California Lawyers Handling False Arrest Claims
Police officers in the U.S. cannot arrest anyone, anytime they like. An arrest must be lawful. Law enforcement must have probable cause or a warrant to arrest a person. False arrest occurs when a person is restrained without legal justification. Police officers and their departments can be held liable for false arrest in a civil lawsuit for damages.
To prevail in a civil lawsuit for false arrest, you must show that:
- Police arrested you without a warrant, or with a warrant that was invalid.
- You were actually harmed.
- Police conduct was a substantial factor in causing the harm you suffered.
To avoid liability, the police officer must show that the arrest was reasonable based on the facts of the case. The officer may claim he or she had probable cause to make the arrest or believed in good faith that the arrest warrant was valid. Police officers have probable cause to make an arrest under two conditions:
- The suspect committed a crime in the presence of the officer; or
- The officer has reasonable cause to believe the suspect has committed a felony offense.
Unlawful arrest can occur even when the officer has an arrest warrant – if the warrant is invalid. Any of the following factors can make an arrest warrant invalid:
- Police lied to the judge who issued the warrant about having probable cause for the arrest. To invalidate a warrant, false statements made by the police must be integral to the finding of probable cause. If the judge could have found probable cause without them, false statements will not invalidate the warrant.
- The warrant does not state by which court it was issued.
- The warrant does not name or adequately identify the person to be arrested.
- The warrant fails to specify the crime for which the person is to be arrested.
California law limits the discretion of police officers as to when they can arrest and take a person into custody and whether they can incarcerate a person in jail. Generally, officers are prohibited from making custodial arrests for certain infractions and misdemeanors. The exceptions are when a person fails to present a driver’s license or ID, and refuses to provide a thumbprint or fingerprint, or fails to sign the written “Notice to Appear” that comes with a ticket.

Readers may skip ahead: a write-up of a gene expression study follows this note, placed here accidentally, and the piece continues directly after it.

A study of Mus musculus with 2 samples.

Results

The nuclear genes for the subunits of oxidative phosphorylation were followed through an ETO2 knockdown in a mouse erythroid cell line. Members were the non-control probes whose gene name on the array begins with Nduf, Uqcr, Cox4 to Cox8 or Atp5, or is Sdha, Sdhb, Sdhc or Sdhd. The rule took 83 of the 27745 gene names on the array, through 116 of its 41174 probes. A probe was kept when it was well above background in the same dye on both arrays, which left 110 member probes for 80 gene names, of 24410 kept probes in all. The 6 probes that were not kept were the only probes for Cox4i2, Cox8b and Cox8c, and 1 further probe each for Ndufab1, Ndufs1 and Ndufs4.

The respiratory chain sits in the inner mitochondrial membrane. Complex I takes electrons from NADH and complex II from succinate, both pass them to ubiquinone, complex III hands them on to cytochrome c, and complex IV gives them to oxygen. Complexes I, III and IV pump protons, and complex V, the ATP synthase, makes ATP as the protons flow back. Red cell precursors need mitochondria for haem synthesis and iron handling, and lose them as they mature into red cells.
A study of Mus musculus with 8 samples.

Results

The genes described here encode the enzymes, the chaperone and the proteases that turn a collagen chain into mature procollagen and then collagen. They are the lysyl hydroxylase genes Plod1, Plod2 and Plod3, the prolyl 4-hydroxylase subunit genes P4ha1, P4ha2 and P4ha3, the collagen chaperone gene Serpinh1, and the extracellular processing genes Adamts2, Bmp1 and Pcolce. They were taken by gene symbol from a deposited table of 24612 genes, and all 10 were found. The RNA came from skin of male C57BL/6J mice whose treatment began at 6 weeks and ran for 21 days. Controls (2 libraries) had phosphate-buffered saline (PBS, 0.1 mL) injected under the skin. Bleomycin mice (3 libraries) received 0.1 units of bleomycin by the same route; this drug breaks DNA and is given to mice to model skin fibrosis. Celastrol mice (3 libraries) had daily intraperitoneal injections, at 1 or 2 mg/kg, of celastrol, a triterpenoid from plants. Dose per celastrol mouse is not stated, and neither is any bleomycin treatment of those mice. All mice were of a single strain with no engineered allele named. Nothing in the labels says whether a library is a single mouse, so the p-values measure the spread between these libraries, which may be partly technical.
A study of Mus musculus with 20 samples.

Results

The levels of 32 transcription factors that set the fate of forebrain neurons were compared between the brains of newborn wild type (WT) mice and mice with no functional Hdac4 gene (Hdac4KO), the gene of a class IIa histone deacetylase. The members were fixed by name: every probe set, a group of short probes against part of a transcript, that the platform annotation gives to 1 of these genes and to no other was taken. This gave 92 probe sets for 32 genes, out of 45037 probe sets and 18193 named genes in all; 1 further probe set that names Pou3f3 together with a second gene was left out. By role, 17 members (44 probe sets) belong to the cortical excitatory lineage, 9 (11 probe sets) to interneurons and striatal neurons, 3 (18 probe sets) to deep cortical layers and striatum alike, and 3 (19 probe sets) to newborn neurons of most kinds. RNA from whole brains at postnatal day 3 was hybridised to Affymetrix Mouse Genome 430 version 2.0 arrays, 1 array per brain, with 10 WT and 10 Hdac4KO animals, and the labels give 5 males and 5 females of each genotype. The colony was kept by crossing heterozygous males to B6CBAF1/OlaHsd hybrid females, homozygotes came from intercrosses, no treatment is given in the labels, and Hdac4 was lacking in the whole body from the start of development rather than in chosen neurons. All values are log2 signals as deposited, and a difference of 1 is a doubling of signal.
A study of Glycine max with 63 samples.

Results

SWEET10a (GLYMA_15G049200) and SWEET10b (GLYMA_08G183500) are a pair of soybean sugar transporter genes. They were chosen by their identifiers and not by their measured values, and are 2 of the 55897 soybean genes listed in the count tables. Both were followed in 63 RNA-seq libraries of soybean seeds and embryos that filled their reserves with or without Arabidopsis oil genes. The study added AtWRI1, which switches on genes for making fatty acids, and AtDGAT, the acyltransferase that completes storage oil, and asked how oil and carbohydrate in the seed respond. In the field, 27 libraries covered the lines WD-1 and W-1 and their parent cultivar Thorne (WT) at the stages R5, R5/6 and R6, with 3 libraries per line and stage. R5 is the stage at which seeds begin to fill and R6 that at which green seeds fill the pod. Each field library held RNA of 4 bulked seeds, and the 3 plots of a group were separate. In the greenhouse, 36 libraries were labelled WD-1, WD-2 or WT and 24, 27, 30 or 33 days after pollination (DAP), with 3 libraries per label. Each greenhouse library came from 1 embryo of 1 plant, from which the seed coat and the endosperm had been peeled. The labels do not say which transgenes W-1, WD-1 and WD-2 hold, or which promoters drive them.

Generally, police officers cannot arrest a person for a misdemeanor that was not committed in the officer’s presence. There are exceptions to this rule, such as arresting a person who is driving under the influence or committing domestic assault and battery. An officer cannot arrest a person for a stale misdemeanor, even if the crime was committed in the officer’s presence. The arrest must be made within a reasonable length of time, or it becomes unlawful. However, the police officer can detain the person who committed the stale misdemeanor to get information for an arrest warrant.
The law provides recourse and legal remedies for false arrest. If you are facing criminal charges, your attorney can file a motion to suppress evidence with the court. You can file a complaint against the officer. You may be entitled to file a lawsuit for monetary damages in civil court against the officer and the department. In a false arrest lawsuit, you may also demand an injunction (order of the court) requiring the police department to fire the officer who committed the offence, retrain their officers, or change their policies for arrests.
If you have been falsely arrested, contact Werksman Jackson & Quinn LLP at (213) 688-0460. We can advise you of your legal options in a free initial consultation.
Recent Case Results
- Complete Dismissal of Molestation Charges
Attorney Mark Werksman’s 29 year old client was falsely accused of molesting two neighborhood children and was subsequently charged with felony child molestation, with a significant prison sentence hanging over his head should he be convicted. Instead, at the preliminary hearing Werksman was able to convince the court to grant his client a complete dismissal of any charges.
- Decision Set Aside
Client, a college student in a faulty Title IX case, was awarded $130,000 in attorney fees.
- Probation with No Jail Time for Drug Money Laundering Charge
Wilmington man accused in New York federal court of laundering drug money through the sale of laptop computers. Mark was able to get the case transferred to federal court in Los Angeles, where he convinced the United States Attorney to reduce the charges. His client was sentenced to probation with no jail time on a misdemeanor conviction.